Question: Must a CO prepare (and post along with RFQ) an LSJ under the authority of the MAS Program citing FAR 8.405-6 Item peculiar to one manufacturer, if the current requirement is for an authorized [partner, reseller, etc.] to provide [XYZ] services [sold as services under SINs 132-51 (or -52)] on previously purchased [items peculiar to one manufacture; e.g. software products]? Note: Services available from multiple authorized [partner, reseller, etc.) under the FSS Program. Ktr will need to hold certain credentialing.

My Opinion: Items peculiar to one manufacturer applies to supplies, not services. (See Reference below)

Reference:

ASI Government published, What's in a (Brand) Name?, November 2013. (Attached)

As the advisory article states, it "explores the justification, approval, and publicizing requirements for brand name acquisitions."

"Does brand name include services [EMPHASIS ADDED] as well as supplies?

Our interpretation of the FAR is that brand name descriptions apply only to supplies. However, supplies often come packaged with installation, maintenance, or repair services. In those cases, where the services in support of a brand name item cannot be separated from the item, the services should be included in the brand name description."

FAR 11.105: "Agency requirements shall not be written so as to require a particular brand name, product, or a feature of a product, peculiar to one manufacturer, thereby precluding consideration . . . . . .unless....."


You don't need a LSJ.

- If you are aware of a single-award BPA under a GSA schedule, see FAR 8.405-3( c )( 1 ).

- If the services you need are available under a multiple-award BPA under BSA schedules, follow the procedures at FAR 8.405-3( c )( 2 )( i ) for orders under the micro-purchase threshold, ( ii ) for orders under the simplified acquisition threshold, or ( iii ) for orders exceeding the simplified acquisition threshold.

- If neither of the above applies, follow the procedures at FAR 8.405-1( b ) for orders under the micro-purchase threshold, ( c ) for orders under the simplified acquisition threshold, or ( d ) for orders exceeding the simplified acquisition threshold. Under ( c ), you only need to survey three GSA schedule contractors before you pick the best one. Under ( d ), you only need to send the RFQ to whatever number of schedule contractors that will result in you getting three quotations. Or, see 8.405-2 if a statement of work is required (the end result is the same).

in all of the above circumstances, you are covered by FAR 8.405-1, -2, or -3 -- so no LSJ is needed. See FAR 8.405-6( a )( 1 )( i ). You never reach to 8.405-6( b )( 2 ).


Would you say services [in general; not bundled with an item], whether available on one or more schedule contracts, would ever be justified in accordance with FAR 8.405-6?

Bottom line: I cannot see how an ordering activity could justify its action when restricting consideration for services as "Items peculiar to one manufacturer." Conversely, I can see how services could be justified in accordance with one of the circumstances in FAR 8.405-6[a] (i.e.urgent and compelling need, only one source capable, or logical follow-on.).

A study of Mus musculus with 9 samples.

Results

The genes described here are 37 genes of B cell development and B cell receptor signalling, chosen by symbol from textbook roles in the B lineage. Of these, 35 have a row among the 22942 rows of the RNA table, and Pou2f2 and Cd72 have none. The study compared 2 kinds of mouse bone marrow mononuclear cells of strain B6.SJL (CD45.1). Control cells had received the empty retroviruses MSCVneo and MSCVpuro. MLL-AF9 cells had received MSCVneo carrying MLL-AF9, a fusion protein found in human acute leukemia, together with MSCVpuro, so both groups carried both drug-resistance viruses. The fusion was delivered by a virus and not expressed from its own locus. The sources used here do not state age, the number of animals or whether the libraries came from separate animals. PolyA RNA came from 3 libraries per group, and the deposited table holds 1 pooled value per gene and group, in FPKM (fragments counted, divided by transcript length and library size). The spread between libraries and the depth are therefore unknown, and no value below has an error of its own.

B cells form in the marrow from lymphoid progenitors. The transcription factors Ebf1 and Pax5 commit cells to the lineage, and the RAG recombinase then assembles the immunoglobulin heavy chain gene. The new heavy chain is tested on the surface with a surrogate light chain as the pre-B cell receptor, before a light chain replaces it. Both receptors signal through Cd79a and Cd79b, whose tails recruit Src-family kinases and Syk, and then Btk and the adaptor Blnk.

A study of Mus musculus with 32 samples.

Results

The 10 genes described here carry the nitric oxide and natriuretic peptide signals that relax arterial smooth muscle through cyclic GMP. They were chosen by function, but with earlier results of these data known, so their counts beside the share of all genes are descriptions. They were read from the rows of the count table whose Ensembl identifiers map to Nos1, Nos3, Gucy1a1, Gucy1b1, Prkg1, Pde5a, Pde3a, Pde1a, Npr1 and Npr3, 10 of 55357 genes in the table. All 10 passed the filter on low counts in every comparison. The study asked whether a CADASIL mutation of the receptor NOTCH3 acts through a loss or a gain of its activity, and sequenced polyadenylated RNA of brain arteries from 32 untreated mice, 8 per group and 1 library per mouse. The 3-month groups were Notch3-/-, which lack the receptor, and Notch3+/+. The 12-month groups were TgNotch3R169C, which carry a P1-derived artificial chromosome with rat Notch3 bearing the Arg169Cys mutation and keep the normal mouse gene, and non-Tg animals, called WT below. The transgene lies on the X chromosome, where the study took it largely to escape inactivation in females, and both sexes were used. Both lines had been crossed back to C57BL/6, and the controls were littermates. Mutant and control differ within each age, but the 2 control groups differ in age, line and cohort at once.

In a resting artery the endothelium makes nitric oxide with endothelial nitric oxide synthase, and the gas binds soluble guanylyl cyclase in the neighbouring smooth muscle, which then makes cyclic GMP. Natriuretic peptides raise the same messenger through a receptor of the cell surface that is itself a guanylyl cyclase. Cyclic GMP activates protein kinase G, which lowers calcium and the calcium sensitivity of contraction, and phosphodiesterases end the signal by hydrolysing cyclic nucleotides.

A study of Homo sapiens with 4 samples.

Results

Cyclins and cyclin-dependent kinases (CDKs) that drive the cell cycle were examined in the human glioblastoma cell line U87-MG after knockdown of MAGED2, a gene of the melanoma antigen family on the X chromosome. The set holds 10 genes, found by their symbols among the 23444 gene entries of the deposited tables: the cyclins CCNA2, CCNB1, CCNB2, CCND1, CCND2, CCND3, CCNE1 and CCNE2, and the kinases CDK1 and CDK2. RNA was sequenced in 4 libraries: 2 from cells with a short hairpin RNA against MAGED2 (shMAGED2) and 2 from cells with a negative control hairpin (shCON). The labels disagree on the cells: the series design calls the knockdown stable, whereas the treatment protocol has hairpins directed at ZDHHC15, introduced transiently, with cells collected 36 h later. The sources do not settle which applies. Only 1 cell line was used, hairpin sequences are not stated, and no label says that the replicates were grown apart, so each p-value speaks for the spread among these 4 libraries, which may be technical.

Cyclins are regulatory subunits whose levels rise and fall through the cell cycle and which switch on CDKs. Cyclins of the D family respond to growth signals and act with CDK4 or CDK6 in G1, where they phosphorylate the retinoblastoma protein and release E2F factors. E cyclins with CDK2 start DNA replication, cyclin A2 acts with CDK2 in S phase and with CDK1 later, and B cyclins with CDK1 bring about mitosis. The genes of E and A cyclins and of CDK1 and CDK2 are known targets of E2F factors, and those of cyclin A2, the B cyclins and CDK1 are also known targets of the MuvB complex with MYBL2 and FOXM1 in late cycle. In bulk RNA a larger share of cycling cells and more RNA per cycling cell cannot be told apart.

If I understand, you are saying that if you were buying services, such as repair services, and you wanted to limit competition to sources (or even one source) who have OEM (original equipment manufacturer) certifications or credentials, and if the services were available under schedule contracts, you would want to use FAR 8.405-6( a )( 1 )( i )( B ) as your authority for limiting competition rather than 8.405-6( b ).


FAR 8.406-5( b ), by its plain language, appears to apply only to supplies (products) and not services. I say appears. It's hard to say what the reg writers actually intended. (I have not looked at the GSA MAS website.) I don't know that I would hand my hat on the word "manufacturer" to say that "brand name" does not apply to services.

In the public sector the concept of brand name services is well-established: "Angie's List", "Google", "Netflix", etc. The basis for a brand name justification is not the name, but the product or service that the name represents, which, presumably, are unique to that product or service and essential to an agency's needs.

I can tell you that GAO decisions about FSS/MAS procurements mention brand name services. See. e.g., Desktop Alert, Inc., GAO B-408196, 2013 CPD ¶ 179:

We find the agency's limited source justification fails to comply with requirements of FAR § 8.405-6, and is therefore unreasonable. DCMA did not adequately define its requirements or specify any special features of the AtHoc supplies and services that make this brand name essential to the agency's needs.

See also Kingdomware Technologies, GAO B-407389, 2012 CPD ¶ 348:

Specifically, the VA states that on that date it canceled the sole source award to LiveProcess and issued a revised solicitation under FSS procedures for procurement of the services on a brand name or equal basis.


If I understand, you are saying that if you were buying services, such as repair services, and you wanted to limit competition to sources (or even one source) who have OEM (original equipment manufacturer) certifications or credentials, and if the services were available under schedule contracts, you would want to use FAR 8.405-6( a )( 1 )( i )( B ) as your authority for limiting competition rather than 8.405-6( b ).

In a nutshell, what I'm saying is, concerning services, if yes, I was limiting consideration to fewer than what 8.405-1 (-2, or -3) calls for, then I feel it's more appropriate to cite FAR 8.504-6[a][1] - A, B, or C. Citing para (B ) I see as a sole source, and not where two or more resellers of a specific manufacturers exist for 'pricing' purposes only (as the manufacturer will still be providing the service). This gets into the whole 'passthrough' issue we all know about. Either way, moving on. Appreciate your input.